After only seven years as Head of the Catholic Church, the resignation of Pope Benedict XVI is an astonishing news. This may be a message on how Globalization affects such global organization. The election of Pope Benedict XVI followed all the rules of the Church but did not listen to the “new” rules imposed by globalization: which include good advertisement, global awareness, and above all intercultural appealing to standards of ‘universal friendliness and empathy’, among others. I wrote an article titled “Parishes Fail to Market Catholicism to Hispanics (pdf available here)” (National Catholic Reporter, Vol. 43, No. 12 2007) discussing how the Catholic Church has failed to Market Catholicism among Hispanics.
Benedict XVI was elected on 19 April 2005 in a papal conclave, celebrated his Papal Inauguration Mass on 24 April 2005, and took possession of his cathedral, the Archbasilica of St. John Lateran, on 7 May 2005. Today, February 11, 2013, Benedict announced that he would resign the papacy, effective February 28, due to age and ill health.
His health may be have been an issue. However, it seems to me that the real problem started when the Papal conclave of 2005 elected him above the other contestants for the Pope position without taking notice of all the changes that institution has gone through centuries.
Currently, Catholics are 17.77% of the total population in Africa, 63.10% in the Americas, 3.05% in Asia, 39.97% in Europe, 26.21% in Oceania and 17.09% of the world population. (Further information: Catholicism by country)
Globalization is slowly forcing them to adapt to this new demographics and the election of a Latin American (a Mediterranean look would suffice) or African Pope could bring some new Fresh air to this archaic institution. The Latin America region already represents 42 percent of the world’s 1.2 billion-strong Catholic population, the largest single block in the Church, compared to 25 percent in its European heartland.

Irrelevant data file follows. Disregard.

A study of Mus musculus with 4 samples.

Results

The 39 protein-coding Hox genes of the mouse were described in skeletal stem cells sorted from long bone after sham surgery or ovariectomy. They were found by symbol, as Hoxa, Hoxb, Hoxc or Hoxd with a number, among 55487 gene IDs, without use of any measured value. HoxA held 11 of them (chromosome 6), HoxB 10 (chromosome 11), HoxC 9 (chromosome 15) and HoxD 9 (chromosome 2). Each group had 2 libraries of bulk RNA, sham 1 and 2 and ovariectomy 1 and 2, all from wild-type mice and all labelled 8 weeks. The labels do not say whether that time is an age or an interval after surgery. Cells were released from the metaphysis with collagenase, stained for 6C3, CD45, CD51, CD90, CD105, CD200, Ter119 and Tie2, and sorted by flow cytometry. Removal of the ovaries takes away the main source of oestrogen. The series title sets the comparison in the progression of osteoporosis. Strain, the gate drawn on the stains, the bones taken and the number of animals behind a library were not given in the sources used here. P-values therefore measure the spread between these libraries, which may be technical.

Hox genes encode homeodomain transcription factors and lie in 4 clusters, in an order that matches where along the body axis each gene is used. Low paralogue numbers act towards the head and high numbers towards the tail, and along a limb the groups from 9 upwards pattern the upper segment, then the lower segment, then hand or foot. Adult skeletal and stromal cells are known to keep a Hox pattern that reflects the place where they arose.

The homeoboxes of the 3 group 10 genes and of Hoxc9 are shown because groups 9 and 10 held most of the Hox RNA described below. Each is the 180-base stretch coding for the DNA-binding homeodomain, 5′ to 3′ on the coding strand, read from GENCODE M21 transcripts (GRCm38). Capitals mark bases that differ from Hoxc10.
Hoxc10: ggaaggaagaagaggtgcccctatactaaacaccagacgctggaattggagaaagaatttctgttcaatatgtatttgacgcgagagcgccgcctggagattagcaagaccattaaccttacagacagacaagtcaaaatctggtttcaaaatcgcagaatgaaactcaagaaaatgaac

In 2005 among the “popeable” (one who might become pope) where also the cardinals Carlo Maria Martini, who died last year and obtained 40 votes in the first ballot versus the popular Italian cardinal Camillo Ruini who also was a contestant for the position in that initial ballot. Cardinal Ruini has been very active in the mass media and was one of the cardinals who most often appeared on Italian television, newspapers and magazines. I would suppose that his election as a new Pope in the Conclave of cardinals that will choose the next pope in mid-March is very high. Camilo Ruini is very popular among the “Reformer” side of the Catholic Church as the news inform (he is also more photogenic and could appeal to the Hispanic followers easily).
Lets see what happens in March, 2013 with the new Papal Conclave. Meanwhile, I share with you a documentary on the new face of this Eurocentric organization that is finally (slowly) changing its own look!